Men with low-risk prostate cancer can safely receive a single high dose of brachytherapy — a type of radiation therapy delivered directly into the tumor within a few minutes — as an alternative treatment for their condition, a study shows.
After three years of treatment, 100% of men who received the treatment remained without signs of cancer recurrence, researchers said at ESTRO 38, the 2019 European Society for Radiotherapy and Oncology Annual Meeting, held in April in Milan, Italy.
The oral presentation, “Single dose high dose-rate (HDR) brachytherapy as monotherapy for localised prostate cancer,” was led by Hannah Tharmalingam, a clinical research fellow at Mount Vernon Cancer Centre, Northwood, and The Christie NHS Foundation Trust, Manchester, U.K.
Brachytherapy is a cancer treatment that places small radioactive sources directly into a patient’s tumor, ensuring that the radiation is delivered specifically to cancer cells while it spares healthy surrounding tissues.
Usually, this treatment involves the placement of a radioactive seed inside the tumor, which delivers low doses of radiation over time. But prostate cancer patients have another option: a high-dose rate brachytherapy that places the radioactive material temporarily and for shorter periods, while delivering high doses of radiation during that time.
The latter approach “usually means patients make four to six visits to the hospital for a series of lower-dose treatments,” Tharmalingam said in a press release. Thus, “we wanted to see whether we could get similar results but with just one high-dose treatment, saving time for the patient and the hospital.”
The study included 441 men with localized prostate cancer who received a high-dose rate brachytherapy in a single 19 Gy dose (a measure of radiation). Among them, 44 men had low-risk disease, 285 medium risk, and 112 men had high-risk prostate cancer.
None of the patients received surgery or chemotherapy, but 37% were also given androgen deprivation therapy (ADT) — a treatment that lowers testosterone levels to prevent prostate cancer growth.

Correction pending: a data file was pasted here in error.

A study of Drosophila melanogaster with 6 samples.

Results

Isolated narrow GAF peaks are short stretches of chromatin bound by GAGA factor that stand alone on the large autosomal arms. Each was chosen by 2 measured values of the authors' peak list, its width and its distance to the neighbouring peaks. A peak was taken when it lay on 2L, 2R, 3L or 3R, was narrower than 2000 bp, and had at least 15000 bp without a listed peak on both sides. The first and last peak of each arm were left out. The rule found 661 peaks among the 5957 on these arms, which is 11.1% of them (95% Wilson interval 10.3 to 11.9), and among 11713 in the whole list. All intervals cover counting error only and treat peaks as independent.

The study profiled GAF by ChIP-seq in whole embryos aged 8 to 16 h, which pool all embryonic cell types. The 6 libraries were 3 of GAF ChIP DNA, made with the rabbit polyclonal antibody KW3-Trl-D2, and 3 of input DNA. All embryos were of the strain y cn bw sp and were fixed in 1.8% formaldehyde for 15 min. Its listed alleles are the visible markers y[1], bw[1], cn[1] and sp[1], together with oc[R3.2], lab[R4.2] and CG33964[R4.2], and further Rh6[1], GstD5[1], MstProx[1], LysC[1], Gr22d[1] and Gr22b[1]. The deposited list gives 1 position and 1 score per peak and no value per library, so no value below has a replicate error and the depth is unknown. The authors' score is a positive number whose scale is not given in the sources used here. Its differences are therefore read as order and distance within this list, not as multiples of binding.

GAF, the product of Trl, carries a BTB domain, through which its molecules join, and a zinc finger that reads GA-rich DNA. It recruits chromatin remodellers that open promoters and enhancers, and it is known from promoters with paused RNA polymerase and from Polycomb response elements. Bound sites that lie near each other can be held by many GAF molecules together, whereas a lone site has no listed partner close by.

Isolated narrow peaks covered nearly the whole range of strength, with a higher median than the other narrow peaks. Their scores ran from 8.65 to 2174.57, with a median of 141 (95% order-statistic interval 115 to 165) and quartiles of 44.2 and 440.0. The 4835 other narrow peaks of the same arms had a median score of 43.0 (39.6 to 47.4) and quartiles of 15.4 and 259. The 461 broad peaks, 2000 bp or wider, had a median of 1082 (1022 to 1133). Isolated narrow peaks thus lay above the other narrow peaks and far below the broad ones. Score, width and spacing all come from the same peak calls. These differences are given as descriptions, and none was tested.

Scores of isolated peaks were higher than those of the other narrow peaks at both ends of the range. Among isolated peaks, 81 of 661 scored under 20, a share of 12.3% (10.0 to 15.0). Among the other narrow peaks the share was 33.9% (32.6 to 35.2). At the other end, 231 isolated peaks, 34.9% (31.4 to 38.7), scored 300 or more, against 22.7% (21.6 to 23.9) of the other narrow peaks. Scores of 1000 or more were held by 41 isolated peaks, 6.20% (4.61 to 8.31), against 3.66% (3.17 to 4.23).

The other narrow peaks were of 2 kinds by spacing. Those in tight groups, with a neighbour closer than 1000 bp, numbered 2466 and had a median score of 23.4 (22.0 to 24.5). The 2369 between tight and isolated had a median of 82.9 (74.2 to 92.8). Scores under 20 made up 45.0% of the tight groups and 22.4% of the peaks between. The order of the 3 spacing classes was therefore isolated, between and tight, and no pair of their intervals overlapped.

For an average of 26 months, researchers monitored patients through their prostate specific antigen (PSA) levels, a biomarker that indicates prostate cancer recurrence.
Overall, 94% and 88% of men had no signs of cancer recurrence after two and three years, respectively. However, men with low-risk disease fared better than medium- or high-risk patients, researchers found.
At two years, 100% of these men remained free of cancer, compared to 95% among those with medium-risk disease, and 92% for high risk. Similarly, at three years after treatment, all low-risk prostate cancer patients had no signs of the cancer returning, while 86% and 75% of medium- and high-risk patients, respectively, achieved the same outcome.
Of the 27 patients who experienced biochemical recurrence — a rise in PSA levels — 25 had their relapse confirmed on radiological analysis. Among those, 10 had their cancer spread to distant organs, while 15 had their cancer return in the prostate only.
The treatment was generally safe, with only 12% and 13% of the patients experiencing moderate genitourinary and gastrointestinal problems, which eventually resolved.
“[High-dose rate] monotherapy delivered in a single dose of 19Gy is a safe and effective treatment for localized prostate cancer that is well-tolerated over the first two years with very good early biochemical control,” researchers said.
Additional studies are now warranted to evaluate the long-term effects of single, high-dose rate brachytherapy in localized prostate cancer, especially in high-risk patients who are more likely to experience a recurrence. Given the low risk of side effects, Tharmalingam believes that doses could be increased for these patients to achieve better outcomes.
“The technology and expertise needed to deliver this treatment is not yet available in all cancer centers. However, given that it may offer time and money savings for hospitals as well as benefits to patients, there is a good argument for investing in this type of radiotherapy,” said Bradley Pieters, MD, PhD, chair of ESTRO’s brachytherapy committee and a radiation oncologist at the Academic University Medical Centers in the Netherlands.